So the August employment report was something of an egg drop. Political and economic analysts alike had been gearing up for Friday morning’s report from the Bureau of Labor Statistics. Coming on the heels of President Obama’s speech, and about 60 days before the election, the monthly tally of jobs added and lost could either buttress Obama’s narrative of recovery or strengthen challenger Mitt Romney’s claim of malaise. And anticipation was rising. Earlier in the week, unemployment claims fell and ADP, the payroll-processing company, reported that the private sector added 201,000 jobs in August. Hopes were rising for a satisfying, large number.
Dan Gross and Andrew Romano on the disappointing August employment numbers
The result, however, was a triple-decker Meh sandwich, slathered with Blah.
The good news? The economy did add jobs in August, tacking on 96,000 new positions from July. Compared with a year ago, there are two million more Americans with private-sector payroll jobs. Strength was seen in professional and technical services (27,000 new jobs), health care (17,000 new jobs), and finance and insurance ( 11,000 new jobs), and food services and drinking establishments (27,000 new jobs). Translation: steadily rising consumer and business demand for goods and services is pushing some companies to hire. Manufacturing, which has been a pocket of strength in employment, cut 15,000 jobs. The reported reduction was in large measure a result of a statistical quirk—because car companies didn’t lay off as many workers for summer shutdowns in July as they usually do, they didn’t call as many back to work as they usually do. In BLS-land, that registers as a decline in employment.
The difference between 96,000 and 100,000 jobs is miniscule from a statistical point of view. But it’s pretty significant from a political point of view. A five-figure gain just seems weaker than a six-figure gain. And we can blame U.S.-style austerity for part of August’s weak performance. It’s little known or understood, but for the past few years the U.S. has been engaged in what I call “the conservative recovery.” Every month, the private sector adds jobs, frequently a decent amount. But every month, the government sector—local, state, and federal agencies pinched by austerity—cuts employment. August was no different. During the month, the private sector added 103,000 jobs while the public sector cut 6,000. In the past year, in fact, the government sector has reduced employment by 934,000. The private sector now accounts for 83.6 percent of all U.S. jobs, compared with 83.2 percent a year ago.
But there was plenty of news in this report to indicate that the job-creation engine downshifted in August. The average work week was unchanged, and average hourly earnings fell by a penny. Meanwhile, June and July were not as robust as we were lead to believe. Every month, when it reports the new data, BLS revises the previously reported figures for the prior two months. July’s gain, originally reported as 163,000, was revised down to 141,000. And in June, the gain of 64,000 was cut to a gain of 45,000. In other words, upon further review, BLS found some 37,000 positions had disappeared.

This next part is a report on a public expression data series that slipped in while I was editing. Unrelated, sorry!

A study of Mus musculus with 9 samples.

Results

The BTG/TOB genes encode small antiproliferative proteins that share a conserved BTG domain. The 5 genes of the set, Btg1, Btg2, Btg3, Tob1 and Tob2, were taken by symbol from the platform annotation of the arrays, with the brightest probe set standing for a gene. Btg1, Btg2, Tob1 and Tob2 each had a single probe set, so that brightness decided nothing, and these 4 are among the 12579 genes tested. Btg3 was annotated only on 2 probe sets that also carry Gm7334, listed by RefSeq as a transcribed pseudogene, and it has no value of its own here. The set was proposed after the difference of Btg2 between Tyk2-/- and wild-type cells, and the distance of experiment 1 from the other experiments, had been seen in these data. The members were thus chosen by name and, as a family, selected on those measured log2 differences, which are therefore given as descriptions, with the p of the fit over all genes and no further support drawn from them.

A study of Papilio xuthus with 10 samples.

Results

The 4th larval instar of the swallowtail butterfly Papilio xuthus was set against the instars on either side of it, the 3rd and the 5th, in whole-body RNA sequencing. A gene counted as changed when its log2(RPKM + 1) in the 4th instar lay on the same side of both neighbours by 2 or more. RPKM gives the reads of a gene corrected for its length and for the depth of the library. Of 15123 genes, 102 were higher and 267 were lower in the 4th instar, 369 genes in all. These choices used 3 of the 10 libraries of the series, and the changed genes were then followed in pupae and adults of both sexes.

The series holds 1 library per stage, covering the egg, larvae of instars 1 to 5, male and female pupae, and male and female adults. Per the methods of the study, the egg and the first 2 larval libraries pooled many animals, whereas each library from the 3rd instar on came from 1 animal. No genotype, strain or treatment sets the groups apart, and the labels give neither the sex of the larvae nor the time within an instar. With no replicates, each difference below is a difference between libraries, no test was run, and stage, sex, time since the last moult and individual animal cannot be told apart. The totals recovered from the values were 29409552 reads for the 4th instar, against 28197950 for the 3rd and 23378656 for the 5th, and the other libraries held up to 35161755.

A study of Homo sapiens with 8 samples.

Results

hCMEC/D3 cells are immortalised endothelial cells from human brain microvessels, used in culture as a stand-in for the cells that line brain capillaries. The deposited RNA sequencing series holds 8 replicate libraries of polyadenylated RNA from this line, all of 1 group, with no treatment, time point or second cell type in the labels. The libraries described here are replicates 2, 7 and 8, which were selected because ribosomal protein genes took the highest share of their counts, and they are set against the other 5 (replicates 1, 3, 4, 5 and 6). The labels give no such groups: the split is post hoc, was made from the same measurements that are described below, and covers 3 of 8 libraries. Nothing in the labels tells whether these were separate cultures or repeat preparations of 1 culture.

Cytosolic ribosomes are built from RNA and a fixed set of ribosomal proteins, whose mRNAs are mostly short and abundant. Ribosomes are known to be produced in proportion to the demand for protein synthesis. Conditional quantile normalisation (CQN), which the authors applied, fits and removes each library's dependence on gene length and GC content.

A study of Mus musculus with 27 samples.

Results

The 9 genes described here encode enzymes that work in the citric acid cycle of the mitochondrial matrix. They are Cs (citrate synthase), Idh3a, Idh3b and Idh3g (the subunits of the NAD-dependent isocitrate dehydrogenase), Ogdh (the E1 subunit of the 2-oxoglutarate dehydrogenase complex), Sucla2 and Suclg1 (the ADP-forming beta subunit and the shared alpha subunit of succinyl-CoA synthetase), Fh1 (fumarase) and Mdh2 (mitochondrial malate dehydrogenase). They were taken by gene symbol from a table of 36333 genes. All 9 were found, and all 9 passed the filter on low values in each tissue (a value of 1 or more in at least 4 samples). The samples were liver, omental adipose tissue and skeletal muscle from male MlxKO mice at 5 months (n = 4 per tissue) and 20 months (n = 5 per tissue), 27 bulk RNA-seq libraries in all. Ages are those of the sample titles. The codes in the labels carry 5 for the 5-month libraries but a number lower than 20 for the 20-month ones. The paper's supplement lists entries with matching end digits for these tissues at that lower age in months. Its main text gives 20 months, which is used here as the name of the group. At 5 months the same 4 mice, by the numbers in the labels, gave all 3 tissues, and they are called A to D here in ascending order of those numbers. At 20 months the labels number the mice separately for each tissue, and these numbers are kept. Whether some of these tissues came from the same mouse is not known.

But what about the unemployment rate? It fell in August to 8.1 percent, from 8.3 percent in July. Surely that’s good news? Well, not really. The payroll job gains are calculated through BLS’s establishment survey, in which it asks companies how many people they employ. The unemployment rate is calculated through BLS’s household survey, in which it asks individuals questions about their employment status. The rate is gained by dividing the number of people who say they’re unemployed into the number of people who say they are in the labor force. If the labor force declines—if people drop out because they’re frustrated, or stop looking, or retire—the unemployment rate can still fall even if the number of people who say they are working falls.
That’s what appeared to happen in August. The relevant data can be seen here America’s labor force actually shrunk by about 358,000 in August from July, while the number of people reporting themselves as employed fell by about 120,000.
Even the good news in the report—the decline in the unemployment rate—was quite blah.
Add it all up, and the jobs report provides a snapshot of an economy that is growing slowly, adding jobs fitfully, and improving slowly. But it is still plagued by massive slack in the labor market. Beyond the headline unemployment figure, BLS publishes several other measures of labor force frustration. It calculates the number of people who are marginally attached to the workforce, who have quit looking, and who are working part-time but would prefer to be working full-time. Those figures are rolled into a single figure, the so-called U-6. In August, it stood at 14.7 percent. That’s down from 16.2 percent in August 2011. But it’s still remarkably high.
The upshot: the jobs report is an arbitrary, statistically noise, single data point that is going to be revised in 30 days. But it’s all we’ve got. And the August report matters politically, if not economically. It has to be seen as something of a letdown for an Obama campaign that was leaving Charlotte on a high. The campaign will respond by taking the long view, noting the addition of jobs over time and promising more. The report also provides an opening for the Romney campaign to reengage on the issue that it thought it would be talking about the most: the economy.